Tuesday, February 07, 2006

Book Review: The Magician's Assistant

While looking for a book to take a long for beach reading, I remembered Ann Patchett's Bel Canto and how much I enjoyed it from cover to cover. Luckily, on Border's shelf was another by Patchett entitled The Magician's Assistant, which I get wrong every time I tell someone--Magician's Wife usually because that's what it is about. Unlike Bel Canto, which takes place in South America and has a colorful global cast of characters enduring a wild hostage situation, Magician's Assistant is set in Californian and Nebraska. A notable magician dies on the first page, and we get to know him throughout the book during flashbacks and dreams. His assistant, now his wife, has the gift of dreaming about and communicating with those who have passed over into the next life. They guide and support her (Sabine) as she begins to live a new life without the man she has loved for twenty years, yet magically more connected to him than was possible during their life together.

The deceased magician was gay, with a partner. Sabine marries him after the partner dies from AIDS, and partners him through his own AIDS illness, only to stand by helplessly as he dies suddenly from a brain aneurysm. Patchett has done a skillful job of placing love at the center of the characters' world without hedging it in with social or religious expectations. Sabine's love for the magician is boundless, following him beyond the grave. She has been the one confidant in his life, sharing the secrets of the most profound magic tricks, but never knowing the man behind the magic.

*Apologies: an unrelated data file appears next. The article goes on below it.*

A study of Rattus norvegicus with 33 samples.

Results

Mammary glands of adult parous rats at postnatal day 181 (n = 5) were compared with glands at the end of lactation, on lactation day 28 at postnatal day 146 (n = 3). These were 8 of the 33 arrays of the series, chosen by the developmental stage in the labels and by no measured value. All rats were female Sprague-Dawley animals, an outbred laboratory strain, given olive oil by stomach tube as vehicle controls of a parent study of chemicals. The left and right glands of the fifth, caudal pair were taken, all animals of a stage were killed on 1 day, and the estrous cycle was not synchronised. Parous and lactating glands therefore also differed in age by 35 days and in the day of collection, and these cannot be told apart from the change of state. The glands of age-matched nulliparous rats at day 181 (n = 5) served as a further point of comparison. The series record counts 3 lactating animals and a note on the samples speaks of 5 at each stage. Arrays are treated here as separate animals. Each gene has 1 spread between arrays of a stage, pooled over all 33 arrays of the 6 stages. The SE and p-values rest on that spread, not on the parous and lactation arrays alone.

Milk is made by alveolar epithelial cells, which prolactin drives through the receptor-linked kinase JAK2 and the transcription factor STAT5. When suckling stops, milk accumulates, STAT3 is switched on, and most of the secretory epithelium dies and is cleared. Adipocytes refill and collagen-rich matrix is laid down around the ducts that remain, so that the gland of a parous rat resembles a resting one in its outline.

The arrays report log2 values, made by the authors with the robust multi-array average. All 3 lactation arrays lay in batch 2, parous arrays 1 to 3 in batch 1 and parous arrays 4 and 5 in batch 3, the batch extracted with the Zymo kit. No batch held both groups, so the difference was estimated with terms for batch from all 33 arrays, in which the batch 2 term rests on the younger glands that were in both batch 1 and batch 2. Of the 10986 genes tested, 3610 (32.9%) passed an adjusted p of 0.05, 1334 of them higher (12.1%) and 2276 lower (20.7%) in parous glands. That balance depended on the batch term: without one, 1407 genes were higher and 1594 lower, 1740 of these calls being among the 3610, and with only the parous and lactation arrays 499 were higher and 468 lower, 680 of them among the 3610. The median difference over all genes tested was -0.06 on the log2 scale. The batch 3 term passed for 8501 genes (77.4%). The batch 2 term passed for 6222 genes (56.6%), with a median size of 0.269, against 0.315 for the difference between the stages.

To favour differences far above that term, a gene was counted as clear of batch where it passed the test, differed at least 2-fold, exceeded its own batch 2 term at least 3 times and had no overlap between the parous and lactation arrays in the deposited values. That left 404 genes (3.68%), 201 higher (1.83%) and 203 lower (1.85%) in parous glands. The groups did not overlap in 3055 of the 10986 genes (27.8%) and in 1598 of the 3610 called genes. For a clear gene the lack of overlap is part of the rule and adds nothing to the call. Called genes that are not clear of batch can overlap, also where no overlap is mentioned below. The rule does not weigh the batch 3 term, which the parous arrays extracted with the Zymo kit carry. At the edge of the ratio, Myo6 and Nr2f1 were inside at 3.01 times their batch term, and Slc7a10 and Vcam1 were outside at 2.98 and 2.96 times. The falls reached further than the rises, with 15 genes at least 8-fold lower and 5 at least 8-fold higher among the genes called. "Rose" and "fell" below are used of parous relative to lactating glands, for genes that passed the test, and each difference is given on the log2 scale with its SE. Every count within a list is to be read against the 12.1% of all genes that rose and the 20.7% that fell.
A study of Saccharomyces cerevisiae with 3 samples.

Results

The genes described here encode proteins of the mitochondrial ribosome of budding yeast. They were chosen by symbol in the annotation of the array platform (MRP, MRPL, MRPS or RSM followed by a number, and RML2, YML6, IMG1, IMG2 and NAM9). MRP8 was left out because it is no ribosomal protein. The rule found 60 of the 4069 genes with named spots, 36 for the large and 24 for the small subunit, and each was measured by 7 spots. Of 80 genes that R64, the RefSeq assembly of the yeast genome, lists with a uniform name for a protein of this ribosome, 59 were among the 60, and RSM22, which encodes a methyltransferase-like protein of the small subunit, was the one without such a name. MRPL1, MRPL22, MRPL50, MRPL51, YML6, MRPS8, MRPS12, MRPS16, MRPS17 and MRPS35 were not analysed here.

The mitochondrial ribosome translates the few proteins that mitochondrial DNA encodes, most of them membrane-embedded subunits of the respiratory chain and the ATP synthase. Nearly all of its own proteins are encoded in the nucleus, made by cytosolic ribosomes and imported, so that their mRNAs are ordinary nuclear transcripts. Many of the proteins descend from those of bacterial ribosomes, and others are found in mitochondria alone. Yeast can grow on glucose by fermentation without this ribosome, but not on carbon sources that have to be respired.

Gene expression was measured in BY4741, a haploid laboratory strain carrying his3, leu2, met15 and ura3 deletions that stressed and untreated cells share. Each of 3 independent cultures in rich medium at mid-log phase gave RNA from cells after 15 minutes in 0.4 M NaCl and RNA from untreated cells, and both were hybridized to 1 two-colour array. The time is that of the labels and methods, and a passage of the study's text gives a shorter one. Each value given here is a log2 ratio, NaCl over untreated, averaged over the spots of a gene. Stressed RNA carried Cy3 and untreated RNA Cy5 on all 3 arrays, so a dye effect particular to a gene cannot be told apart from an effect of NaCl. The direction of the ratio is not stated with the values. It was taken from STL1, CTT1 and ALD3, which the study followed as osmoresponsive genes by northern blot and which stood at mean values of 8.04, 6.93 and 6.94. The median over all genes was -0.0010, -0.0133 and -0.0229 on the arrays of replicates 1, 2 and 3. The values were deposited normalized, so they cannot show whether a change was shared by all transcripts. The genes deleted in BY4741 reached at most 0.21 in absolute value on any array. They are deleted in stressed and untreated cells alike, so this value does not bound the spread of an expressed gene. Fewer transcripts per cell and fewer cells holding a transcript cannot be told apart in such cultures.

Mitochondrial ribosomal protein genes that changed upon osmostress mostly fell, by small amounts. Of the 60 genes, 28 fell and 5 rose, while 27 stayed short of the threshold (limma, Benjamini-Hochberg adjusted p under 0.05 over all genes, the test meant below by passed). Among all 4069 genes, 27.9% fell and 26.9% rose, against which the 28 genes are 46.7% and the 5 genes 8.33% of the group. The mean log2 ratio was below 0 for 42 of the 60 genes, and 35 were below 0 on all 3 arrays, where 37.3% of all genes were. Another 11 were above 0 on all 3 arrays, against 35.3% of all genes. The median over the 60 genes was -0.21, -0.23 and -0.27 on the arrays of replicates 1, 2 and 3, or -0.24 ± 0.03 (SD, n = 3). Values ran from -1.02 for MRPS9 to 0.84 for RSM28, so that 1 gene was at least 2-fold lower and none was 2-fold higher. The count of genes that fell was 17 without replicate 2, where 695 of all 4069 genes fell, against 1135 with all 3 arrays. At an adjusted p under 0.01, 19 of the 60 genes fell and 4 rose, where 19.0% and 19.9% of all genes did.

The first few chapters are not hot page turners. It was easy to put the book down to close my eyes and listen to the roar of the ocean or the Cuban music over the poolside speakers. But once the plot and main characters were laid out, my reading pace quickened. I wanted Sabine to be happy again, to find love again, and to get to know her magician, if only through her dreams. Patchett kept my attention; I rarely skimmed any page--a bad habit of mine when I'm hurrying toward the finish. Each word of dialogue and descriptive passage moves the plot along and tells me something more about Sabine or the secrets she's trying to find.

I finished the book on the plane during the return flight. Perfect timing. Sabine would return to California, all was well. The plane flew right over the Bal Harbor Resort and I had a bird's eye view--as if from a dream--of the meandering pool and tropical paradise in which I'd come to know Sabine.